Melly, George 1926–2007
Melly, George 1926–2007
(Good Time George, Alan George Heywood Melly, George Heywood Melly)
See index for CA sketch: Born August 17, 1926, in Liverpool, England; died July 5, 2007, in London, England. Jazz vocalist, critic, art collector, and author. Melly's flamboyant lifestyle and eccentric behavior entertained two generations of British jazz aficionados, and his knowledge of art and popular culture solidified his reputation as a critic and author. In the 1950s and 1960s Melly devoted himself to reviving and popularizing the classical or "trad" (traditional) jazz music of performers like Bessie Smith. His gravelly voice and risqué reenactment of bawdy lyrics made him a popular performer, especially at his frequent appearances at Ronnie Scott's jazz club in London, almost literally until the day he died. Melly attracted notice in the 1950s as a singer with Mike Mulligan's Magnolia Jazz Band. In the 1970s he reentered the jazz scene with John Chilton's Feetwarmers, where he was affectionately introduced as "Good Time George," (also the title of his theme song) and entertained a new generation of pub-goers, college students, and concert audiences. At the end of his career he performed with Digby Fairweather and His Half Dozen. In the 1950s, while performing with longtime friend Mulligan, Melly had also tested the waters of a writing career, and he spent most of the 1960s as a full-time critic and columnist for the London Observer, where he reviewed books, music, theater, and film, and commented on popular culture. He was particularly intrigued by surrealist art and was the owner of a significant private collection that he had begun to acquire as a young man. His writings on art include A Tribe of One: Great Naive Painters of the British Isles (1981) and Paris and the Surrealists (1991). Melly was not initially a fan of popular culture as it manifested itself in the music of performers like the Beatles, but he came to realize that an influential revolution was underway in England in the 1960s. He discussed this and related topics in his 1970 book Revolt into Style: The Pop Arts in Britain. His columns were collected in Mellymobile, 1970-1981 (1982). Never one to shy away from the public eye, Melly also wrote several colorful and candid autobiographies, in which he related his decadent adventures with enthusiasm.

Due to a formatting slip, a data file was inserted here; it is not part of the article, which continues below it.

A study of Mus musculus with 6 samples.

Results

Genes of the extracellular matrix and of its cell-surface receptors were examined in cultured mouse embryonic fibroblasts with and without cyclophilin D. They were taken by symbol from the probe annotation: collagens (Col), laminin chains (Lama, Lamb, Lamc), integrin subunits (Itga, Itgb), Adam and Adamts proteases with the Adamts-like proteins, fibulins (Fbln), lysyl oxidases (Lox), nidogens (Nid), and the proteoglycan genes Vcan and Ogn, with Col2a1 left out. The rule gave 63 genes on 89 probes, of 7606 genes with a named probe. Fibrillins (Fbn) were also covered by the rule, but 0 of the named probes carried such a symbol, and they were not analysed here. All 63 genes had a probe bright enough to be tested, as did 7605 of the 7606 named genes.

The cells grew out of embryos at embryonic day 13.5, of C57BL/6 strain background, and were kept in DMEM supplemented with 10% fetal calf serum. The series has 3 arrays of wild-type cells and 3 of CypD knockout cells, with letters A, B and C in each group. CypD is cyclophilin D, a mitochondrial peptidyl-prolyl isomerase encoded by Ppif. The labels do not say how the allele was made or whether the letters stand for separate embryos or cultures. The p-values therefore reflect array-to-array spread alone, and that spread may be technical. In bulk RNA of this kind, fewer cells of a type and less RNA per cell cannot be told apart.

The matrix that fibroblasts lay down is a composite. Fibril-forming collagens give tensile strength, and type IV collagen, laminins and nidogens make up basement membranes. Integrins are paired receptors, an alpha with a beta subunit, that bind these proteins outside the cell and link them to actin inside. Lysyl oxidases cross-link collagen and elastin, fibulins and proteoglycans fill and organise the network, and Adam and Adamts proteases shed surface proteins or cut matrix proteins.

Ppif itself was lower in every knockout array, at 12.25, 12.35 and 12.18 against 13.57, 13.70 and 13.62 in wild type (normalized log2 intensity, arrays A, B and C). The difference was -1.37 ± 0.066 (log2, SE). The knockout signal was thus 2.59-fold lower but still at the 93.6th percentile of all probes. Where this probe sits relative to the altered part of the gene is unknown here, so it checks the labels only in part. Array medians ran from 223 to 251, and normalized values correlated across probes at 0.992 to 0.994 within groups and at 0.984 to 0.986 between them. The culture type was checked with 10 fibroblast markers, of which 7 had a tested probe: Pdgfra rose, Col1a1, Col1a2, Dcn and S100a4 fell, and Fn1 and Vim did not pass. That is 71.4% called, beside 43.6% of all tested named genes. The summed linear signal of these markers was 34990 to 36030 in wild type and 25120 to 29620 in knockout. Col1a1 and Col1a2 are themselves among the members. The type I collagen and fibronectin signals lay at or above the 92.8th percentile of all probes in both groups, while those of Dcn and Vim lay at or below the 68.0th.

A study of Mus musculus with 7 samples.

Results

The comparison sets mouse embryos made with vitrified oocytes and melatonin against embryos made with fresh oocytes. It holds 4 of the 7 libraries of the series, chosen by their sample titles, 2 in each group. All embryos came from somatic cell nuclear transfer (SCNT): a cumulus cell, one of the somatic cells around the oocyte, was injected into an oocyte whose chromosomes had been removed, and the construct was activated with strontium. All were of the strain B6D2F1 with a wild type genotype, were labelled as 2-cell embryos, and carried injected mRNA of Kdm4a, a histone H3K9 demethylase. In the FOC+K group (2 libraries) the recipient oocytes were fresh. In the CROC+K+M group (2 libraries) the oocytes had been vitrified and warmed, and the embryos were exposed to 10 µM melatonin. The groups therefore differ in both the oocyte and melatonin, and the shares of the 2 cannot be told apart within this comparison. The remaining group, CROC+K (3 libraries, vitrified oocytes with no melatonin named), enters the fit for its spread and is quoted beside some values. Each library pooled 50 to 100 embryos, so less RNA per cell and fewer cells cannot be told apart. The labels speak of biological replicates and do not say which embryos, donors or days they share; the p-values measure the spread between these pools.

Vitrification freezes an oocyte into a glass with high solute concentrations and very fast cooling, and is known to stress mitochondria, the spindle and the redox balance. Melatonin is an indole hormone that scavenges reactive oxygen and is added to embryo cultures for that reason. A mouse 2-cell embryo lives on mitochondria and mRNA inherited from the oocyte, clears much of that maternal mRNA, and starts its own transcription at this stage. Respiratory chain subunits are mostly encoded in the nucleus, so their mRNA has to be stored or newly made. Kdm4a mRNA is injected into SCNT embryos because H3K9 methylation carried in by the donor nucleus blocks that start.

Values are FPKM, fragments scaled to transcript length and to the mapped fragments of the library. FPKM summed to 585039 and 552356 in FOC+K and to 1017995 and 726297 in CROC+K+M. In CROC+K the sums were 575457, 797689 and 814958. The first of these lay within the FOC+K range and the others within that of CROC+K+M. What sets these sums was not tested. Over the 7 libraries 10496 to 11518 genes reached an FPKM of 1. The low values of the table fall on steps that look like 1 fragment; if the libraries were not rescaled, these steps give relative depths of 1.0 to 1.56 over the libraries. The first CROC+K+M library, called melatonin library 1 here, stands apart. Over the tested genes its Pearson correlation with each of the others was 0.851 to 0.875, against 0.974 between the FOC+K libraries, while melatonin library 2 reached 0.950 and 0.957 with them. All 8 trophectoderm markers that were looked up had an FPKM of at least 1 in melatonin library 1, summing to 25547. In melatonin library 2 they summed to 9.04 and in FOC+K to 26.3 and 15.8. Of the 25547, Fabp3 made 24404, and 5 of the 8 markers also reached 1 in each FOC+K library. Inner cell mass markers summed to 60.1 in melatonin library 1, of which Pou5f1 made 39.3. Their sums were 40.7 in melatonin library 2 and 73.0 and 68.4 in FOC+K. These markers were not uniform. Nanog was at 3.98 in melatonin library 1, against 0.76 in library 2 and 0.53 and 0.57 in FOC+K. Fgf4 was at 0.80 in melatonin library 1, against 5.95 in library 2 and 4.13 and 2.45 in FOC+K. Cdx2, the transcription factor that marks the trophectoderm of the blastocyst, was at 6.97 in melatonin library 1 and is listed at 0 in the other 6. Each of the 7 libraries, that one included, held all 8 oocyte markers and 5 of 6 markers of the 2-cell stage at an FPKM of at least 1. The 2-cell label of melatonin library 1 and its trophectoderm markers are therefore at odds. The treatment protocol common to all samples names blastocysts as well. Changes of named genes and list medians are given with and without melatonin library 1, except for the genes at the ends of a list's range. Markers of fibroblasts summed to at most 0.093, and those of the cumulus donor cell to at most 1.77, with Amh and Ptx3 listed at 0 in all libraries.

OBITUARIES AND OTHER SOURCES:
Melly, Diana, Take a Girl like Me: Life with George, Vintage (London, England), 2006.
Melly, George, Owning Up, Weidenfeld & Nicolson (London, England), 1965.
Melly, George, Rum Bum and Concertina, Weidenfeld & Nicolson (London, England), 1977.
Melly, George, Scouse Mouse, or, I Never Got over It: An Autobiography, Weidenfeld & Nicolson (London, England), 1984.
Melly, George, Slowing Down, Viking (London, England), 2005.
Chicago Tribune, July 6, 2007, sec.3, p. 10.
Los Angeles Times, July 6, 2007, p. B7.
New York Times, July 6, 2007, p. C9.
Times (London, England), July 6, 2007, p. 71.